Sunday, January 18, 2015

Freedom of Speech for Religious Conservatives

Freedom of speech does not mean, and never has meant, the license to say whatever comes into one's head. The Founders never meant to give a free rein to obscenity and blasphemy. The principle of freedom of speech  was meant to protect those who ventured to offer a political opinion which differed from that of the ruling party. It meant that citizens could offer constructive criticism of the government. The idea that freedom means license leads to chaos and abuse. I think that a free people should be above mocking the religion of others, for it attacks the dignity of those who wish to have faith. A freedom that deteriorates into licentiousness is not freedom but a new form of slavery, for all human dignity is destroyed. Only a people of noble character are able to govern themselves, otherwise they set themselves up for tyranny. From Catholic Vote:
If we defend Charlie Hebdo for the baby Jesus in a toilet, can’t we defend pro-lifers promoting respect for real babies? Can sidewalk counselors be Charlie Hebdo?

Brendan Eich, a brilliant web entrepreneur, resigned under pressure as chief executive of Mozilla, the maker of the Firefox web browser, because in 2008 he had he donated $1,000 in support of Proposition 8, in which California voters defended the way every major religion and most of humanity defines marriage.

Charlie Hebdo magazine featured Pope Benedict elevating a condom instead of the Eucharist, and, later, Pope Benedict resigning to be with his gay swiss guard lover. They feature Pope Francis dressed like an erotic dancer in Rio, “soliciting the clients.”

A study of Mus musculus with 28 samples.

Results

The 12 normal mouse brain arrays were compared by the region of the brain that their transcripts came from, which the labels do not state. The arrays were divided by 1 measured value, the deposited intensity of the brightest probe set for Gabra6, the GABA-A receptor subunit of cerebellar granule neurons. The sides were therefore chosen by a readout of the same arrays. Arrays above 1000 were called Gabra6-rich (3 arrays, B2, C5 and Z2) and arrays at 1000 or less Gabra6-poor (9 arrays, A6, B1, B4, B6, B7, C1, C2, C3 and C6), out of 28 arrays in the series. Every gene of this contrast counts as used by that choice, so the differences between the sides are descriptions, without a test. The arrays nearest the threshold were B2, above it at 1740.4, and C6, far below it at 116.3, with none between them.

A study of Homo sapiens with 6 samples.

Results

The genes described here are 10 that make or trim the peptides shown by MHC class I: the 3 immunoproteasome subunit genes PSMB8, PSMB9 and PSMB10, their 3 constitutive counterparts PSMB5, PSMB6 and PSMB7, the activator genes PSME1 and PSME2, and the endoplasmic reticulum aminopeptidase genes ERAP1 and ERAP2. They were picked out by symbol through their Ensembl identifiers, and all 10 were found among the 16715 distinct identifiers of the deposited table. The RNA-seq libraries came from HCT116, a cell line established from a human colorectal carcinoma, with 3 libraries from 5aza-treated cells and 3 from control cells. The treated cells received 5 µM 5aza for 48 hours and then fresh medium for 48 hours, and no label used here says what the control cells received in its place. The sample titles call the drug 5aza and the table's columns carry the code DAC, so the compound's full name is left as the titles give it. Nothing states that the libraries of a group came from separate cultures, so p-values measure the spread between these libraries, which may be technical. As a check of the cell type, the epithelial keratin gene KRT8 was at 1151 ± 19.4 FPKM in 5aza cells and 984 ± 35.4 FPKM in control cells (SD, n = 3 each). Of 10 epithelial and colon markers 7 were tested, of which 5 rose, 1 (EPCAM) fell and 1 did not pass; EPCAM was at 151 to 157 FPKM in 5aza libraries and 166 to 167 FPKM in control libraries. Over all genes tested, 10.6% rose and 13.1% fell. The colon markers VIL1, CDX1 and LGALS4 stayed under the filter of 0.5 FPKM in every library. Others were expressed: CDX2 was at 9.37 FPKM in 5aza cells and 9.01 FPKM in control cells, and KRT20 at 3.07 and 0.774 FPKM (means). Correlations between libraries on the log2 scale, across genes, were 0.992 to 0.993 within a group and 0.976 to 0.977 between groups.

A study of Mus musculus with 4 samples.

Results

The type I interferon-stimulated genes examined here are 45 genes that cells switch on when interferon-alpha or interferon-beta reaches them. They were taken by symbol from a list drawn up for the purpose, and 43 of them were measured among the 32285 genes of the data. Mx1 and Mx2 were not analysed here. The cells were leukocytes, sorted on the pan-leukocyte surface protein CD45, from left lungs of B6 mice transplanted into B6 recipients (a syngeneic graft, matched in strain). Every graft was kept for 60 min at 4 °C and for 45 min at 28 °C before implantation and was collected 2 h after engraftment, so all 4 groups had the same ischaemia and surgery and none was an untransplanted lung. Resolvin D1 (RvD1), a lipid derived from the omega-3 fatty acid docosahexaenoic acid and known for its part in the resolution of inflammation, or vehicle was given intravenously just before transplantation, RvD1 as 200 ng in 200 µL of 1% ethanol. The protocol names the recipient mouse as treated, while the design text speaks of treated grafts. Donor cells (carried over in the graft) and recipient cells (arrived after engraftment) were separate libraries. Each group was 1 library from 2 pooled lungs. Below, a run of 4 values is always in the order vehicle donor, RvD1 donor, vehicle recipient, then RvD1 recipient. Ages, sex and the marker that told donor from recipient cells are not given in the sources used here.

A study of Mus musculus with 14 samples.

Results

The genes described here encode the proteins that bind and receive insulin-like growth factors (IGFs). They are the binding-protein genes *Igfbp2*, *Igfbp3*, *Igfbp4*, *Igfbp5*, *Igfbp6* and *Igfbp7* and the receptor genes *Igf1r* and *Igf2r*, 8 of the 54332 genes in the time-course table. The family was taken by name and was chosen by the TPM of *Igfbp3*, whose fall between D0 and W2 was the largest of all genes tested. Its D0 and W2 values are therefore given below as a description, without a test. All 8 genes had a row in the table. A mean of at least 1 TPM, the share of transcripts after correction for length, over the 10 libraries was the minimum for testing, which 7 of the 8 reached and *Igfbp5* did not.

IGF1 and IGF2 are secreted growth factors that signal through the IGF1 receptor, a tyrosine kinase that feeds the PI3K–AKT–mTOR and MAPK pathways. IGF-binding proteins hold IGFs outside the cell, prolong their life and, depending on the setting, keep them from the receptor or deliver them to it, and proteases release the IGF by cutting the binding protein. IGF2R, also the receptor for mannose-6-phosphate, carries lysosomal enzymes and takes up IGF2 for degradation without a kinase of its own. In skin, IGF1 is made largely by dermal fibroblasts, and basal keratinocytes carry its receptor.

Can Brendan Eich get as much respect as Charlie Hebdo? Can we defend his right to free speech, too? (Read more.)

Robert Scales said...

Freedom of speech to me means sometimes what others say may be offensive but if I want the right to say whatever I want, for example, call Obama/Bush an idiot or draw an offensive political cartoon, then I have to give that same right to others. An artist that puts a crucifix in urine will have to answer to the Almighty. Should man take on the role of Righteous Judge? “All have sinned and fall short of the glory of God…(Romans 3:23). I think that our Fore Fathers had enough confidence in their God and their religion that he and it could stand up against any criticism no matter how offensive, I find flag burning offensive, but protest, most times very offensive to the crown, was what this country was founded on. Pluralism is only a problem if we make it one. We can only be offended if we allow ourselves to be. Absolutism is its own form of tyranny. Was Luther's posting of his dissents with the Roman Catholic Church terrorism? I'll bet that some in the papacy thought yes. It has been told that the Colonist tarred and feathered, tortured many a tax collector or government official. Terrorism? It is debated as to who fired the first shot in the Revolutionary War. One man’s violence or terrorism is another man’s revolutionary act. I do prefer non-violence but it has its place. Look at the Old Testament. God and Israel was quite violent and ruthless against its “enemies.” (Please forgive any grammar errors.)

elena maria vidal said...

If men were not to judge then there would be no laws about perjury or slander. Ultimately, there would be no law and order. There are still laws in America which pertain to decency. We do not live in a compete free-for-all, thank goodness.